Patrick Caldwell

Patrick Caldwell is a writing fellow at The American Prospect.

Recent Articles

The GOP Saves the Scariest for Last

Rick Perry's late entrance won't keep him from picking up momentum on the campaign trail.

(AP Photo/Charlie Neibergall)

The Electric Park Ballroom in Waterloo, Iowa, is on the grounds of the National Cattle Congress, right next to the Sunrise Children's Petting Zoo. It's a dimly lit hall, plastered with neon beer signs and old photos of singers like Elvis or Buddy Holly.

The day after Texas governor Rick Perry ended the will-he-won't-he speculation by announcing his candidacy for the Republican nomination in South Carolina, he traveled here to speak at the Blackhawk County Republican Dinner. When he entered the room, Perry ducked to greet each table and pose for photos, despite a throng of reporters surrounding him at all times.

Deep-Fried Blunder

How Pawlenty lost -- and Bachmann won -- in Iowa

(Flickr/energycitizens) The scene in front of the Hilton Coliseum in Ames, Iowa, the day of the straw poll

Only once since the Iowa straw poll started in 1979 has the winner become the  Republican nominee for president. As I explained earlier this week, the straw poll's main function is weeding out second-tier candidates. By that standard, no one had a worse day than former Minnesota Governor Tim Pawlenty, who ended his campaign this morning after coming in third.

Battle of the Runners-Up

The GOP straw poll in Ames, Iowa, might be a circus -- but the results are crucial for second-tier candidates.

(AP Photo/Charlie Neibergall) Crews set up up for Thursday's Iowa GOP/Fox News Debate at CY Stephens Auditorium in Ames, Iowa.

Ames, Iowa, is normally a sleepy town this time of year. With most of Iowa State University's 28,000 students gone for the summer, the pace of life slows for the rest of the city's 30,000 residents. But one August weekend every four years, it turns into the GOP's presidential playground and -- with 700 press credentials handed out this year -- a focus of national media attention.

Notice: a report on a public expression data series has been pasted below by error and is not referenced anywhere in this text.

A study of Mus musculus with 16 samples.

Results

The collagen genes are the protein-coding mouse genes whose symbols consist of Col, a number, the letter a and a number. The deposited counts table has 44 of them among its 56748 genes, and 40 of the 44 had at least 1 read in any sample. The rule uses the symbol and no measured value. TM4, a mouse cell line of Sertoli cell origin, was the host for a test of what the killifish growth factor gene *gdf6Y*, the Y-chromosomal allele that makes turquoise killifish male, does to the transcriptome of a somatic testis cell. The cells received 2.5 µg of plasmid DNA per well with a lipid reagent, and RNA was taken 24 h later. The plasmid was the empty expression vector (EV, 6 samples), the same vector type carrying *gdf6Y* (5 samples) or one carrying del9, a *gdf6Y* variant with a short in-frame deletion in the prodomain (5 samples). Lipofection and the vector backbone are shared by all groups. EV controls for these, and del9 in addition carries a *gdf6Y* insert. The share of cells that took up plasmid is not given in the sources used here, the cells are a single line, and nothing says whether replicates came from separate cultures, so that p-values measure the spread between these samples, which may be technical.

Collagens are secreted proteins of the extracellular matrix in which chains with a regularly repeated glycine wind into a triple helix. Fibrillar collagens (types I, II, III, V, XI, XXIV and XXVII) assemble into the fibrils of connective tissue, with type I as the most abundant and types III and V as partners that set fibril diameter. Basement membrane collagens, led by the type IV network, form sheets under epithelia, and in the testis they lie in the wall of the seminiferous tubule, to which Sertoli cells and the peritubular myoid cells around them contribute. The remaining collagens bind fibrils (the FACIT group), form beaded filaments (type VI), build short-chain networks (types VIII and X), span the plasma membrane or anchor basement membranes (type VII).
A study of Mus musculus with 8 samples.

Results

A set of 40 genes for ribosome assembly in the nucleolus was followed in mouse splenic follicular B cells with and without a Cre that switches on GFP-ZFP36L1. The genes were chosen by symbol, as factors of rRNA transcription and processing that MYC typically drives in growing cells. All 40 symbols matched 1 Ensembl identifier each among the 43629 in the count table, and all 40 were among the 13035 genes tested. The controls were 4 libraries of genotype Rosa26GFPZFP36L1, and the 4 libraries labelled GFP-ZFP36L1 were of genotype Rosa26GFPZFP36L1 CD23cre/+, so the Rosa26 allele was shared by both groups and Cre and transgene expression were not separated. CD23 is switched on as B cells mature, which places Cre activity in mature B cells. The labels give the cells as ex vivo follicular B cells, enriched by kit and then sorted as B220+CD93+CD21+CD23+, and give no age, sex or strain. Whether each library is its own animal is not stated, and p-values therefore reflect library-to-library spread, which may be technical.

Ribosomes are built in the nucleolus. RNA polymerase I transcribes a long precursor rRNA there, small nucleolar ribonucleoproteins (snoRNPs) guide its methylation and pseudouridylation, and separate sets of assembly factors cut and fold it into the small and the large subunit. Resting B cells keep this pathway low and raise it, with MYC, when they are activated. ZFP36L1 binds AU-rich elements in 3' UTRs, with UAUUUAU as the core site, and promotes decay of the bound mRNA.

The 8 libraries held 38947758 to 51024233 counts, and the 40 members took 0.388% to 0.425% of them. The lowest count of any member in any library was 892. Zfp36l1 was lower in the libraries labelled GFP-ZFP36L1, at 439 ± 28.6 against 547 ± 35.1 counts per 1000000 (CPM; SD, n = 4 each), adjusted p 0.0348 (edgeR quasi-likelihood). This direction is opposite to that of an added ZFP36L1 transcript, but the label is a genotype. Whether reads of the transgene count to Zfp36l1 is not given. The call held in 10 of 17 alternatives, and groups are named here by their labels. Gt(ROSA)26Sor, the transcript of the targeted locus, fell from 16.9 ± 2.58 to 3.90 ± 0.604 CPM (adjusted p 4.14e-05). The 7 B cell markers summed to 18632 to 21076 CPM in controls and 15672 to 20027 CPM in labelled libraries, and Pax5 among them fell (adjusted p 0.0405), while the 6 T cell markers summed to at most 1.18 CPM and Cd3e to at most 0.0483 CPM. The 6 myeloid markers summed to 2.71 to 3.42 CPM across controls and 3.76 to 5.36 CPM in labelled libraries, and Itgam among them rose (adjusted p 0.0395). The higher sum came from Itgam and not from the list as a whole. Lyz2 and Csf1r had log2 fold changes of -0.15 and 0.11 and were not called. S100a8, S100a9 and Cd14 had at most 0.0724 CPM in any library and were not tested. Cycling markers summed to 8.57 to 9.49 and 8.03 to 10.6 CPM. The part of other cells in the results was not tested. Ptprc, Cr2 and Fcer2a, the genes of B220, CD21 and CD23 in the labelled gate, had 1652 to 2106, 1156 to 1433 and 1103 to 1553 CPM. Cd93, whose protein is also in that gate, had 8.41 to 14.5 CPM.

To Infinity and Beyond!

Americans are bored with the space program. Obama needs to define NASA's next great mission.

(AP Photo/Jim Mahoney)The Space Shuttle Atlantis lifts off from launch pad 39A at the Kennedy Space Center on the STS-135 Mission on Friday, July 8.

In a 1962 address to the graduates of Rice University, John F. Kennedy famously pledged to land a man on the moon by the end of the decade: "We set sail on this new sea because there is new knowledge to be gained, and new rights to be won, and they must be won and used for the progress of all people." Seven years later, NASA followed through, and the first human -- an American -- stepped foot on a surface outside of Earth.

At 5:56 this morning, Atlantis touched down at the Kennedy Space Center in Florida, ending the age of the space shuttle. After 30 years of operation, the fleet -- which also included Discovery and Endeavour -- heads to retirement. It is a whimpering end to a period of repetitive missions that lost the imagination of the country.